Formula for calculating GST




Quick...I haven't done this in a long time.

Say you only have the full amount paid, but you want to calculate how much of that is GST. What's the formula?

So, in my case, a receipt is for $50. I need to know how much of that is GST and it doesn't show on the receipt.

I know it has to do with multiplying by 106 and then dividing by 100 or something like that, but I can't remember the exact formula. Help!


Okay, I figured out a short way of doing it and tested it on $53 which is easy.

Divide $53 by 106. You get $50.

So I did that with $50, and I got $47.17. So the remainder ($2.83) is the GST.

But I KNOW there's another easy formula that gets you there without having to do the subtraction thing, and I can't remember it! It's going to make me nuts until someone tells me! And you don't want a nutty moderator running around.


This is for Ontario only.

If an item is changed GST only, multiply the final cost by 0.0566 to find the GST amount (6/106=0.0566).

If an item is changed PST only, multiply the final cost by 0.0741 to find the PST amount (8/108=0.0741).

If an item is changed both GST and PST, multiply the final cost by 0.0526 to find the GST amount (6/114=0.0526) and by 0.0702 to find the PST amount (8/114=0.0702).

It helps if you have a calculator.

Bobolink Bobolink's picture

This is the rule of reciprocals. Multiply a number by the reciprocal of 1.06 which is .0567 and you will get a number that is 6% of the original cost.

Krago beat me to it and his explanation is more eleoquent.

[ 25 April 2007: Message edited by: Bobolink ]


I talked to Rev Can about this. Apparently there's an even simpler method.

Change your name to Bronfman, and you don't have to worry about tax at all.

[img]wink.gif" border="0[/img]


I've always found it easier to solve problems like this by reversing the method used to add the tax.

If multiplying a price by 1.06 gives you the price + tax then dividing the total by 1.06 will give you the price without the tax.


The GST is 6% correct?

The amount paid for the GST is 6/106*100% = 5.66%.

So just multiply the bill by 0.0566, and that's the amount you paid in GST.


Chiming in late on this one, but I found this thread through Google so assuming there are others like me.

My example is for parking that cost me $9 and I need to know how much I paid for GST (Canada's Federal Goods & Service tax which right now is 5%).

Here is how I did it:

$9 divided by 1.05 = $8.57.
This is the total I paid not including GST. So then I did the basic subtraction of:
$9 minus $8.57 = $0.43 GST

To do this in Excel the formula would be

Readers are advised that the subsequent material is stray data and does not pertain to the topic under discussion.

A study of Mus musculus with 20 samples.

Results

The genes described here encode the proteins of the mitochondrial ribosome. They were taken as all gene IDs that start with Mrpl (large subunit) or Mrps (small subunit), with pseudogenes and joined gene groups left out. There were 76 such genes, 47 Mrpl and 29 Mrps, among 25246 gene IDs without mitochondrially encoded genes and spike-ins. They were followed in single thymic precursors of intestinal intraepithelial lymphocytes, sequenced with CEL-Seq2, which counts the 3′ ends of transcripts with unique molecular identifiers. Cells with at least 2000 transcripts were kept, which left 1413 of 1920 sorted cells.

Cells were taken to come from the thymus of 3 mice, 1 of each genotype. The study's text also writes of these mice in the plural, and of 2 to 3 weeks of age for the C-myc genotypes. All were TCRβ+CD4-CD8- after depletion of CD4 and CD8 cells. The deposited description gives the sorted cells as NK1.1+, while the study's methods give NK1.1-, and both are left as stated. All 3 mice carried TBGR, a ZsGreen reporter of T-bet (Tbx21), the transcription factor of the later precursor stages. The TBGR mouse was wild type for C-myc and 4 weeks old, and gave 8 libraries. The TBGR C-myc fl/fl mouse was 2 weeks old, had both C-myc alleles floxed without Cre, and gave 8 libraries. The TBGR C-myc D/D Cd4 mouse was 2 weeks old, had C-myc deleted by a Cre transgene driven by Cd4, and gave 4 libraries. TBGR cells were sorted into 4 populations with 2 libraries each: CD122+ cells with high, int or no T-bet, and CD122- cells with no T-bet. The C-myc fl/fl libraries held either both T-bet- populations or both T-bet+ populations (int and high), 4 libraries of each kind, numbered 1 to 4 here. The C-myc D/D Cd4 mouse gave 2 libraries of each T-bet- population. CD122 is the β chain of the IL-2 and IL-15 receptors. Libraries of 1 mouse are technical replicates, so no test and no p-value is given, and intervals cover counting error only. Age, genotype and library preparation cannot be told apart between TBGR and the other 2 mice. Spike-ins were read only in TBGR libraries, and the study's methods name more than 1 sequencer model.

M. Spector M. Spector's picture

Or conceptually easier:


Pogo Pogo's picture


Originally posted by M. Spector:
[b]Or conceptually easier:


or one step further:



Now is that celcius or fahrenheit? [img]wink.gif" border="0[/img]


proof that people inclined towards bending their noodles around social and political phenomena tned strongly towards the numerically challenged.

rural - Francesca rural - Francesca's picture

That's because we're trying to do $1 millon worth of good works with $100 000

Boom Boom Boom Boom's picture

A friend wrote on my Facebook page that the feds are considering cancelling GST rebates this year. First I've heard of this! Can anyone confirm this, or is it just an unsubstantiated rumour? (the GST rebates benefit folks on low incomes - like me)

G. Muffin

Boom Boom, I just received my rebate.  It was $106.63 including the Carbon Tax Rebate.  Do you want to know how I spend $106.63 quarterly?  The programs costs more than that to run -- it's a loser.  I realize that we need bureaucrats.  Otherwise, the EI system would collapse under the weight of the influx.  Same reason we need academics.  But, seriously, do we need this?  The only benefit that lower income folks need is a higher income.  $1.17 a day doesn't qualify.

Boom Boom Boom Boom's picture

I'd love to see the GST dropped entirely, but as long as it's a reality, I'd still like my refund. That $100+ quarterly buys an extra couple of bags of groceries four times a year.

G. Muffin

I hear you, Boom Boom.  I don't exactly sneeze at it; I just don't think it's an effective poverty protection, I guess.

G. Muffin

Fair enough, Boom Boom.  I agree it should stay.

Boom Boom Boom Boom's picture

Oh, I agree - I'd like to see the feds tackle poverty in a way that makes a difference. In the meantime, if they take the GST rebate away, that's another $400 or so from the pockets of the poor.


ETA: is the gov't really planning to end the GST rebates?

George Victor

And if they had not  cut the GST by 2 per cent, there would be even more rebates. The cut in GST aimed at getting the Cons re-elected, chopped $16 B off federal revenues, more than one quarter of the year's deficit.

The rebate should "stay" and be added to.

G. Muffin

I concur, George Victor.

Don't all well-meaning roads lead to a universal guaranteed income? 

If I need (and I do) a new pair of runners, what does it profit me to know that my next band-aid is due in April?


I have made one excel sheet and put the excel formulas to calculate the GST, PST or both. As Krago suggested just multiply the price by 0.056 for GST, 0.0741 for PST, and if charged both multiply by 0.0526 for GST and 0.0702 for PST.  excel formulas makes it very easy to calculate, just put the actual price and you have all the values.



Total divided by 1.05 ( for a 5 percent tax ) equals the purchase price, difference is the tax.